Suez Canal Fires Back: Vast Majority of Ships Not Taking Cape of Good Hope Route

Mike Schuler

File photo: Shutterstock

The Suez Canal Authority has fired back against news reports claiming that vessels are now changing their routes to around the southern tip of Africa due to lower oil prices and overcapacity instead of using the Suez Canal. 

Managing Director of the Suez Canal Authority Admirad Mohab Mamish dismissed any such reports in the news as being exaggerated, saying that the Suez Canal continues to be the main route for world trade and that no other alternative can even be considered in the field of maritime transport.

His statement follows new reports that containership overcapacity and rock-bottom bunker costs have led carriers to divert multiple sailings away from Suez Canal and around Cape of Good Hope. The reports were based on a report by the Danish maritime analysis firm SeaIntel, which showed that since the end of October 2015, 115 vessels deployed on Asia-U.S. East Coast and Asia-North Europe services have made the back-haul trip to Asia by sailing around the Cape of Good Hope rather than through the Panama and Suez canals despite using them on the head-haul legs.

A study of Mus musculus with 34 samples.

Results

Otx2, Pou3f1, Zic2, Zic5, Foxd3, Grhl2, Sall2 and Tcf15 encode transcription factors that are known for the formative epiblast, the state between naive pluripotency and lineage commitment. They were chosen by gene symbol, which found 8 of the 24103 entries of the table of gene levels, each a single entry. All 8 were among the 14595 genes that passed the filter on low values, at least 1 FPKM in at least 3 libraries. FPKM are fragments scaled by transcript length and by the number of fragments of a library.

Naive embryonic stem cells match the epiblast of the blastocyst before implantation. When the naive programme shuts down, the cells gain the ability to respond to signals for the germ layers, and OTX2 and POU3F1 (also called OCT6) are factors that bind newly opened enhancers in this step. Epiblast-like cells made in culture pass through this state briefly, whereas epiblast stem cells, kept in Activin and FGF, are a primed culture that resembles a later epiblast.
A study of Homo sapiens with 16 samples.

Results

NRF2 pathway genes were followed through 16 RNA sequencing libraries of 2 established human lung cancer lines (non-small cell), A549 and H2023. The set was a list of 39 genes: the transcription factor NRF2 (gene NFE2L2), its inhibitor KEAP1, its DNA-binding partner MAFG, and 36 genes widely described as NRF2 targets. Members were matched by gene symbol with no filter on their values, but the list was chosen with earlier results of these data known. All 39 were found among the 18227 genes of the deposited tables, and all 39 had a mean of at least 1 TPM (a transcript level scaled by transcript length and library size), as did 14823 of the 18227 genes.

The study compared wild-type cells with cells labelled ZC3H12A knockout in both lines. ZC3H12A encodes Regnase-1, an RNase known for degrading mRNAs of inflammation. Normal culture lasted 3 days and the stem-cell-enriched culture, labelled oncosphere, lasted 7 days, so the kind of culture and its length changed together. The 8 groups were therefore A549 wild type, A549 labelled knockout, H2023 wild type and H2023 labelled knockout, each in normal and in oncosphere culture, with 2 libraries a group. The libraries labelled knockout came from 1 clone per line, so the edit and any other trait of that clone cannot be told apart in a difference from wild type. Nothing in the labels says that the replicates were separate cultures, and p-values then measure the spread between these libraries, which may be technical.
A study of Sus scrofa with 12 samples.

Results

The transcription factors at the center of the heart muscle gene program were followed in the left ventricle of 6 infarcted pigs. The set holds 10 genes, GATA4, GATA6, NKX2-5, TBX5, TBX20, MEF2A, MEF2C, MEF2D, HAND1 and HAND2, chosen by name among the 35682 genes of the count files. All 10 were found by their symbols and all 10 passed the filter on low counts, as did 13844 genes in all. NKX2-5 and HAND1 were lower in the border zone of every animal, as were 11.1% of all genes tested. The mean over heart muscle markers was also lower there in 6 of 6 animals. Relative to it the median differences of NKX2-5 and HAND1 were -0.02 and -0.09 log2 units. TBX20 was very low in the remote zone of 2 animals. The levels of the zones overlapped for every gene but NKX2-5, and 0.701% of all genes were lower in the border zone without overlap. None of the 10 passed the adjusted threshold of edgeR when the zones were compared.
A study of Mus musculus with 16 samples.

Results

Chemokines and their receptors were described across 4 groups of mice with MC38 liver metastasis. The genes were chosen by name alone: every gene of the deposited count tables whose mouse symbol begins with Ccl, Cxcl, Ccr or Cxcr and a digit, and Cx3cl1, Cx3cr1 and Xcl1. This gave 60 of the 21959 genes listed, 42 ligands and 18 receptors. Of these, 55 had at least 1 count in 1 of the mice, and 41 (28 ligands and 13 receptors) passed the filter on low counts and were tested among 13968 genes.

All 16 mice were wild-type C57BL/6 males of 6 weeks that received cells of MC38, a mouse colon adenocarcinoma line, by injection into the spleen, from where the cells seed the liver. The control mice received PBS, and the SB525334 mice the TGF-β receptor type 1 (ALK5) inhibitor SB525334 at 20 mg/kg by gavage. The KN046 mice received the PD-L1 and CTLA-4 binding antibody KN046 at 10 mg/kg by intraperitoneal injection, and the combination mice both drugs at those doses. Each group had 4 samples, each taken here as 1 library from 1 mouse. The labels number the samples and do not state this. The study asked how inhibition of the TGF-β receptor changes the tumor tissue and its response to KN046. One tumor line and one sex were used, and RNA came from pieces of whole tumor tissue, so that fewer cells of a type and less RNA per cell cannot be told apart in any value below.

To drive home his point, Admiral Mamish said that traffic in the Suez Canal during 2015 showed an increase in the number of transiting vessels and total net tonnage, with 17,483 vessel transits and 998.7 million tons transported through the Suez Canal in 2015. This represents 2% increase in vessel transits and a 3.7% increase in tonnage compared to 2014, Mamish said.

As for containerships in the Suez Canal, the total net tonnage jumped from only 536.3 million tons in 2014 to 555.6 million tons in 2015, representing an increase of 3.6%.

“As for the allegation that vessels are changing routes to the Cape of Good Hope, the statistics shows that the number of ships adopting this policy does not exceed 115 ships since October 2015,” the statement from Mamish said. “That number represents 0.6% of the total number of vessels that transited the Canal in 2015, which is a very small percentage that does not show a general tendency in the Canal traffic.”